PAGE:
Whether or not Peter Ellis’s appeal against his remaining child abuse convictions from the Civic Creche case is successful, the fact it can be heard at all is significant.
The Supreme Court decision announced today not only opens the door for the first substantive criminal appeal after someone has died, it also points to a gap in our Criminal Cases Review Commission, the recently established body designed to deal with miscarriages of justice.
The Supreme Court won’t reveal its reasoning until its decision on the appeal, but one of the arguments in favour of the appeal continuing was based on the notion under tikanga Māori (traditional rules and tenets) that a person’s mana (prestige, authority) continues after death, and extends to their wider whānau/family.
At the same time, recognition of the importance of correcting judicial errors comes in the form of an ancient royal power. The prerogative of mercy allowed the monarch to interfere with criminal convictions and sentences by granting a pardon.
This clearly applied to people who were dead, necessarily so because the error might in the past have led to execution. A famous example of this involved Derek Bentley, who was executed in England in 1953 and pardoned in 1993.
The long road of appeal
In New Zealand the governor-general has the prerogative of mercy. In addition to this monarchical power, section 406 of the Crimes Act 1961 allows them to refer convictions or sentences back to the appeal court.
This is the route Ellis embarked on some time ago. His original conviction on 16 charges dates back to 1993. An appeal in 1994 was successful on three charges but unsuccessful on the other 13. A second appeal was heard after a reference by the governor-general, but this was dismissed in 1999.
Another application was made under section 406. This led to a judicial inquiry but no reference back to the Court of Appeal.
So, the most recent court decision is the one from 1999. The date of the convictions and appeals means the case could technically have been appealed to the Privy Council in London (as happened in Teina Pora’s case). However, Ellis’s lawyers went to New Zealand’s Supreme Court instead. The court granted Ellis permission to appeal further in July 2019.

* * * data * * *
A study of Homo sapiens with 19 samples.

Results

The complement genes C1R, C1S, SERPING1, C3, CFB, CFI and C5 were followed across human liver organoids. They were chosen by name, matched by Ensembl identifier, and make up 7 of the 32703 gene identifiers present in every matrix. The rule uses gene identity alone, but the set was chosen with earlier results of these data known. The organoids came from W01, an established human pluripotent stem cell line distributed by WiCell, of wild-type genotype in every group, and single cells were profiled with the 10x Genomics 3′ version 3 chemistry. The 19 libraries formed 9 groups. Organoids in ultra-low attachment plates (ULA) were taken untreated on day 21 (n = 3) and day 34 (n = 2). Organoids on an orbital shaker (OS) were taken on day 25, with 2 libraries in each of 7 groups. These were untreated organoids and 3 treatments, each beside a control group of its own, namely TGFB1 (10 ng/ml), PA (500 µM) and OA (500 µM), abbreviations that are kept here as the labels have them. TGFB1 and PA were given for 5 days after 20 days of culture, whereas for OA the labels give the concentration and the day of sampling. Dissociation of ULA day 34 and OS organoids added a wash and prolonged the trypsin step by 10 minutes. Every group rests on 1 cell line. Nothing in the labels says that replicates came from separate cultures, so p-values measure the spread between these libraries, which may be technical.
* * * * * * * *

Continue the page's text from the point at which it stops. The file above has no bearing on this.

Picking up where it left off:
The question at the centre of that appeal was whether a miscarriage of justice occurred in light of all the evidence now to hand.
The place of tikanga Māori in law
But then Ellis died and the argument began over whether the appeal should be allowed to continue.
This was heard in two parts – first in late 2019 and then at the hearing in June 2020 when the role of tikanga was argued in detail.
We will eventually find out what our most senior judges concluded about this significant matter. But it should not be controversial that the common law – the law made by judges – reflects the society in which it operates and not just the society in which it originated (England).
In fact, the Supreme Court has already recognised a role for tikanga in a very different context: decisions about who has the right to decide where a body should be buried. Recognition of a wider role for tikanga could be an important step in ensuring our law is suited for our circumstances.
Reputation matters even after death
The decision to establish the Criminal Cases Review Commission in 2019 recognised the importance of a more systematic approach to investigating possible miscarriages of justice. It was a welcome change, reversing the position of previous governments, but eligibility is limited to living persons or someone they have authorised.
A few other countries already have such a commission. Derek Bentley’s murder conviction was eventually overturned in 1998 after the equivalent body in England and Wales referred his case back to their Court of Appeal. Indeed, its first reference was the case of Mahmoud Mattan, the last man to be hanged in Wales, but who should never have been convicted.
These cases illustrate the importance of recognising that wrongs might have been done to people who have died. Allowing appeal courts to correct the record and remove the stigma is important for the reputation of the person. This continues after death.
The governor-general’s powers will remain, but our Criminal Cases Review Commission should have the power to consider applications on behalf of those no longer living. Parliament needs to consider this issue.
The Supreme Court’s finding that the Ellis appeal should continue confirms this is an important value in our legal system.